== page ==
One marked difference between the faith of our fathers as conceived by the fathers and the same faith as understood and lived by their children is that the fathers were concerned with the root of the matter, while their present-day descendants seem concerned only with the fruit.
This appears in our attitude toward certain great Christian souls whose names are honored among the churches, as, for instance, Augustine and Bernard in earlier times, or Luther and Wesley in times more recent. Today we write the biographies of such as these and celebrate their fruit, but the tendency is to ignore the root out of which the fruit sprang. “The root of the righteous yieldeth fruit,” said the wise man in the Proverbs (12:12). Our fathers looked well to the root of the tree and were willing to wait with patience for the fruit to appear. We demand the fruit immediately even though the root may be weak and knobby or missing altogether. Impatient Christians today explain away the simple beliefs of the saints of other days and smile off their serious-minded approach to God and sacred things. They were victims of their own limited religious outlook, but great and sturdy souls withal who managed to achieve a satisfying spiritual experience and do a lot of good in the world in spite of their handicaps. So we’ll imitate their fruit without accepting their theology or inconveniencing ourselves too greatly by adopting their all-or-nothing attitude toward religion.
I must confess that after I became a believer it took some time for me to overcome the feeling that the New Testament was a book of love and the Old Testament a book of judgment. I have given the proposition much time and study, and I am able to make a report. You should know that there are three mentions of mercy in the Old Testament for every one found in the New Testament!
I find there is equally as much recorded in the Old Testament about God’s grace and faithfulness as there is in the New. Go clear back to Noah and you will find the record plain: “But Noah found grace in the eyes of the LORD” (Genesis 6:8). Favor, or grace, is an Old Testament quality. “The LORD is merciful and gracious, slow to anger, and plenteous in mercy” (Psalm 103:8).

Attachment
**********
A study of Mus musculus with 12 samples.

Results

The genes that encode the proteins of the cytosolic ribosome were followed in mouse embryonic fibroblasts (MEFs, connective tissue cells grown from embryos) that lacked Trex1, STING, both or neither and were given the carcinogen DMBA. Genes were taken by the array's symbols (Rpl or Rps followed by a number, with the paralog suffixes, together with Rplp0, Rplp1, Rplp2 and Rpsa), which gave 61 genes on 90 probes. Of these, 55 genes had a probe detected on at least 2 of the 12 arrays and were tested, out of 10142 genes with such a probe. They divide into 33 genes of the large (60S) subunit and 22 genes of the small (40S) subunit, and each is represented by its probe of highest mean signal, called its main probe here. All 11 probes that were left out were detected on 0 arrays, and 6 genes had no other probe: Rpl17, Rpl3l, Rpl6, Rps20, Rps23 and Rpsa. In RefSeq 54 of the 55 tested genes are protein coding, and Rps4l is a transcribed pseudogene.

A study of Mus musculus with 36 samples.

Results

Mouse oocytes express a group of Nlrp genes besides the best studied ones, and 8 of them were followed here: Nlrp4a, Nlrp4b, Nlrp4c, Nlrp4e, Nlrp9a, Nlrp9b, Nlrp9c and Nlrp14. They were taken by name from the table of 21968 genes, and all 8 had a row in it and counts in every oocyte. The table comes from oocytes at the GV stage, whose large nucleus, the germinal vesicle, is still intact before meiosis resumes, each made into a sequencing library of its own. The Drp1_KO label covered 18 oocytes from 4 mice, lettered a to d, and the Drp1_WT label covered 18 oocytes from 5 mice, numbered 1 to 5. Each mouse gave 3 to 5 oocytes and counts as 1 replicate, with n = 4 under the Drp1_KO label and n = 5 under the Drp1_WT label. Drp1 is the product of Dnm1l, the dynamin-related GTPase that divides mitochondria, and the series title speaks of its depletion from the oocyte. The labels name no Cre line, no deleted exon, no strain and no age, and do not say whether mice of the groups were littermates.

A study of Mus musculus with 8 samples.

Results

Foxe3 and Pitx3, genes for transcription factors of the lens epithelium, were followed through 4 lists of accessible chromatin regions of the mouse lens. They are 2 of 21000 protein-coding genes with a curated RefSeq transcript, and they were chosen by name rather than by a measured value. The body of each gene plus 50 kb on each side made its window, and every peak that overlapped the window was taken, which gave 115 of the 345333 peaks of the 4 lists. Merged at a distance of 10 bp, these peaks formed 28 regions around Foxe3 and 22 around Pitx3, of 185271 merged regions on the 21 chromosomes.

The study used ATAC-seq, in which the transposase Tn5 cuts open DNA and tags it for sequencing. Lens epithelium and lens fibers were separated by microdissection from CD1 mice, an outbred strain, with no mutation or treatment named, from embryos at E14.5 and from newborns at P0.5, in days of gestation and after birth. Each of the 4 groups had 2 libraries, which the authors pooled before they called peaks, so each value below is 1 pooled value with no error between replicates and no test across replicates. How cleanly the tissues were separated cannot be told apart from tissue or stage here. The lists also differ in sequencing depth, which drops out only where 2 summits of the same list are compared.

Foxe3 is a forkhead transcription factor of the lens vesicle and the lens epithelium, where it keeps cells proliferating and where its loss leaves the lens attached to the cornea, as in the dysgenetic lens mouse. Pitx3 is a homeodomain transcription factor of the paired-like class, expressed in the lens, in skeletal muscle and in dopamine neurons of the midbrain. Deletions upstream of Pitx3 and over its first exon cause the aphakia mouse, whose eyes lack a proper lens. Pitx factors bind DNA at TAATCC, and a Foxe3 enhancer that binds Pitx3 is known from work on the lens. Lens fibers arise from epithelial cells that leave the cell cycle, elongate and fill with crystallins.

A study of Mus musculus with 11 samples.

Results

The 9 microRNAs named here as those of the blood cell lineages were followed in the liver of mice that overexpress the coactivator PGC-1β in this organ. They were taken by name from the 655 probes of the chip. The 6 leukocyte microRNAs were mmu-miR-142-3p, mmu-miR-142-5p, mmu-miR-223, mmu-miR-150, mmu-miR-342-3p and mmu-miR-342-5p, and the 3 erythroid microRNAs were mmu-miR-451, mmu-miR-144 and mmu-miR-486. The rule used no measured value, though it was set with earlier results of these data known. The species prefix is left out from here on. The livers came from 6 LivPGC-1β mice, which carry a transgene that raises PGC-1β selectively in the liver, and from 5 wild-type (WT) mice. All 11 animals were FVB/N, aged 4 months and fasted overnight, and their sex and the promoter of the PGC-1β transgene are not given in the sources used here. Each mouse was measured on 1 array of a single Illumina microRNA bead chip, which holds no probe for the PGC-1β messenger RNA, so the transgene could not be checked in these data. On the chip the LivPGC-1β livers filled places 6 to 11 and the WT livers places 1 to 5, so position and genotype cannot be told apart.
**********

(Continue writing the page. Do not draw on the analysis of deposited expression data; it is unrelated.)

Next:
On the other hand, judgment is a New Testament quality. Read the words of Jesus in the Gospels. Read Peter’s warnings. Read the letter of Jude. Read the Revelation. In the New Testament we learn of the terrible judgments God intends to bring upon the world.
Why do I mention these things? Because God is a God of judgment, but He is also the God of all grace. God is always the same. He will never change or falter. And when I say God I refer to the Trinity—Father, Son and Holy Spirit.
There is an exquisite appropriateness in our celebrating the resurrection of Christ in the spring. When nature is waking to life again after her long winter of sleep, it is then that the thoughts of Christians everywhere are turned to the wonder of the Savior’s coming out of the tomb after His ordeal with sin and death. Christ’s resurrection was an act once accomplished at a given moment in history. It does not in any sense depend upon seasons or celebrations, nor does the miracle of the springtime add anything to the glory of the once-done deed. The workings of God in nature do, however, cast a warm light upon His workings in redemption and the springtime of life in the earth illustrates the miracle of life in the new creation.
Nicolas Herman, at eighteen years of age, was brought to Christ by seeing in midwinter a dry and leafless tree and thinking what a change the spring would make in its condition. He reasoned that if God could make such a difference in a tree, He could change the heart of a sinner, too, and God did not fail him. His heart was changed, and from that day his life was devoted to the service of Christ. Uncounted thousands of Christians over the last 300 years have thanked God that young Nicolas saw that leafless tree.